Should you lower the price of your home if your house isn’t selling? It’s a fact: no homeowner in the world wants to leave money on the table when selling a property. That’s what makes correctly pricing a home such a delicate art. It’s natural to want to err on the side of caution, pricing your home a little too high, rather than a little too low. If you’re not on a timeline to sell, then employing this strategy isn’t the worst—you won’t risk anything, but you also may begin to second-guess your rationale if the home fails to bring in any offers right away.
It goes without saying that you’ll get the best pricing advice from a trusted real estate professional who understands your property and your local market, but there are a few tried-and-true best practices you’ll want to follow no matter who your real estate agent is.
Pricing Best Practice #1: In a seller’s market, don’t fear pricing too low.
If there’s more demand than there is supply in your marketplace, then there’s an excellent possibility that a home listed a bit too low will attract multiple offers and incite a bidding war. There’s little risk in giving this tactic a try, particularly if you’re not in a rush to sell and not under pressure to accept the first offer.
Pricing Best Practice #2: If it’s been on the market for an extended period of time with no bites, it’s time to go lower.
Now, this isn’t to say you shouldn’t exercise a reasonable amount of patience—in other words, if it’s only been a week, don’t be hasty. However, if it’s been a month or more, and the market is clearly hot, that’s a solid indication you’ve been too cautious in your pricing. Your home is worth what a buyer is willing to pay for it, and if none of them have so much as attempted to negotiate your listing price down a bit, then you’d be wise to reevaluate your expectations.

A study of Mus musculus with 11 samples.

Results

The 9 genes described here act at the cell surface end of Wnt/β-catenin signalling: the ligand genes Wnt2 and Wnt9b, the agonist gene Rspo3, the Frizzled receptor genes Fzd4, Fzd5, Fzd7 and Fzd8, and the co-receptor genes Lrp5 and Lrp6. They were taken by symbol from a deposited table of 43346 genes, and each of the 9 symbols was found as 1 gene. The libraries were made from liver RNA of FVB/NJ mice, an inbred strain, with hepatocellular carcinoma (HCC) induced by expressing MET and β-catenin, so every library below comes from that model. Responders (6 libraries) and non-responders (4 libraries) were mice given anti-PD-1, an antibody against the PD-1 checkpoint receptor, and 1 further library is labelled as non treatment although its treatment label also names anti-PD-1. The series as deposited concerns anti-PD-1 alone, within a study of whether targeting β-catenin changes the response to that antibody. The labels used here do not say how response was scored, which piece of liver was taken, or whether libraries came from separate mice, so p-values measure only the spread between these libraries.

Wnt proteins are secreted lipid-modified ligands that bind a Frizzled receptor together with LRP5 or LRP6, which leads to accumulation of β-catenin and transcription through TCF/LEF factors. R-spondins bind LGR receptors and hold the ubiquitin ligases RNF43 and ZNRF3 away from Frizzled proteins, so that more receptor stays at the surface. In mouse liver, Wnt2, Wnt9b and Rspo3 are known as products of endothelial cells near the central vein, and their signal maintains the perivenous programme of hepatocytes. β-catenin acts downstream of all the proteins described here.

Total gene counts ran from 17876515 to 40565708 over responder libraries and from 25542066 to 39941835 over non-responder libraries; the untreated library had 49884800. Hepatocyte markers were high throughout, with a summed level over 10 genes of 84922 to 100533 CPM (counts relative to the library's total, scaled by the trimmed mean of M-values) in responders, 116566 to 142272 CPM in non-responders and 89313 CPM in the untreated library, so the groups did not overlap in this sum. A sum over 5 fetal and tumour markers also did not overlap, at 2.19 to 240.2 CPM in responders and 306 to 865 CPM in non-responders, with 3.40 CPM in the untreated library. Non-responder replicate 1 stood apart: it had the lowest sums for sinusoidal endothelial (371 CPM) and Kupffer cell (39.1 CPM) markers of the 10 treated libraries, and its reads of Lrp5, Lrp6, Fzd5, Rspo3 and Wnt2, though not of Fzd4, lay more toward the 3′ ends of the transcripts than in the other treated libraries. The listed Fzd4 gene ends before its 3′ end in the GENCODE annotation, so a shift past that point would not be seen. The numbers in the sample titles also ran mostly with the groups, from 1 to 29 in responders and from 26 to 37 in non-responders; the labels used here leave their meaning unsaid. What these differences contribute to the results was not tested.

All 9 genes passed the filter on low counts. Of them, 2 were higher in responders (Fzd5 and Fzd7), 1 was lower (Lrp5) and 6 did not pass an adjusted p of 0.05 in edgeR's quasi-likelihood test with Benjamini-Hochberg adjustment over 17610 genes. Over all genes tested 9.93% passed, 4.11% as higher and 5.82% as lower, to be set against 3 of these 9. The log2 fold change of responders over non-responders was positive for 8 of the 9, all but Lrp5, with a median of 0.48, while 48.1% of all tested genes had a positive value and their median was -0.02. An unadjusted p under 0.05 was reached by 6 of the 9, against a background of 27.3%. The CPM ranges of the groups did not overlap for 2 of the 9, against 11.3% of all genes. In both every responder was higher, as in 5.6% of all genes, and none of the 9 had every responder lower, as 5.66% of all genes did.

Pricing Best Practice #3: Compare the most recently sold listings in your area and re-assess your price point.
Market comps are incredibly helpful in determining the best pricing strategy for your home. Study them carefully—in addition to the latest homes that have sold, look at the trajectory of the prices over the last 12 months. And, of course, know that you’ll be able to proceed with the utmost confidence if you elect the help of an experienced real estate professional—one who is accustomed to analyzing market trends and pricing properties to sell quickly and for the best possible value.
Pricing Best Practice #4: Consider upgrading and relisting.
It might well be that with the right renovations, your initial list price will make a lot of sense. If you can pinpoint a handful of upgrades and improvements to justify a higher price tag for your home, you might even be able to raise the price of your property when you relist it. This option makes sense if you don’t need to sell within a specific timeframe. To ensure that the renovations you invest in deliver the returns you have in mind, make sure to work with vetted contractors who you can trust.
The best way to find a network of trustworthy contractors for home renovations—and the best way to ensure your home is priced the way it should be—is to work with a First Team Real Estate agent. Call us today to find yours so you don’t have to lower the price of your home after you hit the market.